Victims of crime and their families could be given legal representation in court, under plans announced by Labour.
Victims' advocates could be either barristers or solicitors
The party says "victims' advocates" in cases would advise victims and speak for them in court.
Lord Chancellor Lord Falconer said the move would ensure "the courts take fully into account the victims' view".
The Conservatives said preventing crime was the best policy, while the Lib Dems said victims needed more support but more lawyers were not the solution.
A Lib Dem spokesman said they would instead "give greater support to the police and victim support so that they can perform that role properly".
Shadow Home Secretary David Davis said: "The best way to help victims of crime is to prevent them becoming victims in the first place.
"There is a clear choice at the election - more police and tougher sentences with the Conservatives or more lenient sentences and more talk from Mr Blair."
Labour's idea is borrowed from the United States, where victims have for at least a decade been able to tell a court of the impact of a crime on them before sentence is passed.
But Labour's plans will not involve victims themselves addressing courts. The victims' advocates will be either solicitors or barristers.
VICTIMS' ADVOCATES COULD:
Protect victims in court
Object to inappropriate questioning relating to victims
Apply for victim confidentiality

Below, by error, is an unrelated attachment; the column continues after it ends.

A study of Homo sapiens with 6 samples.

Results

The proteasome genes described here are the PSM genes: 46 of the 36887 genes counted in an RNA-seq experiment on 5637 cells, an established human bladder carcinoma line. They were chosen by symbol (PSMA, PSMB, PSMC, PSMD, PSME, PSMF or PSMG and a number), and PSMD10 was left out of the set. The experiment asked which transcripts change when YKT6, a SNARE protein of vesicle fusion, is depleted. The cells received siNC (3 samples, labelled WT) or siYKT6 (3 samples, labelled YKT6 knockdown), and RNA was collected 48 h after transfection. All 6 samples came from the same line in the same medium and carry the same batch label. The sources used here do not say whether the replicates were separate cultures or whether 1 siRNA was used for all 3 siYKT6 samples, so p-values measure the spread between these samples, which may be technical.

Lobby for out of court settlements
Advise victims on rights
To begin with, Labour's proposed legislation would see victims' advocates being available for cases involving serious crimes such as murder and rape.
Lord Falconer, the Lord Chancellor, said: "Victims need a voice.
"Labour is on the side of victims of crime - and for the first time, Labour will make sure that victims and their families will have the right to be represented in court.
"A voice for victims will rebalance the way serious cases like murder and rape are tried, so that the courts take fully into account the victims' view in trying cases."
In a statement, the party said: "Labour's plan to reshape radically how courts hear serious criminal cases underline's Labour's commitment to put victims and witnesses at the heart of the justice system."
The Law Society welcomed Labour's proposal, saying the plans would encourage people to give evidence.
Its chief executive, Janet Paraskeva, said: "It is an admirable pledge to make the court process more comfortable for victims.
But she added: "Too often the government has created a raft of new criminal justice policies without providing the necessary resources and this has had a crushing impact on civil legal aid.
"Unless these plans are properly funded, pressure on the civil legal aid budget will increase.
A party spokesman said poorer families could get their advocates funded through legal aid.
He said: "The crucial point is to establish that these people have the right to be represented.
"At the moment everybody in court has a lawyer, apart from the person the crime was committed against."
The spokesman said the cost of the proposal was "a substantial figure, but not great in overall public spending terms".
"This is a significant change and we want to apply it to the cases where the difficulties are most harsh," he said.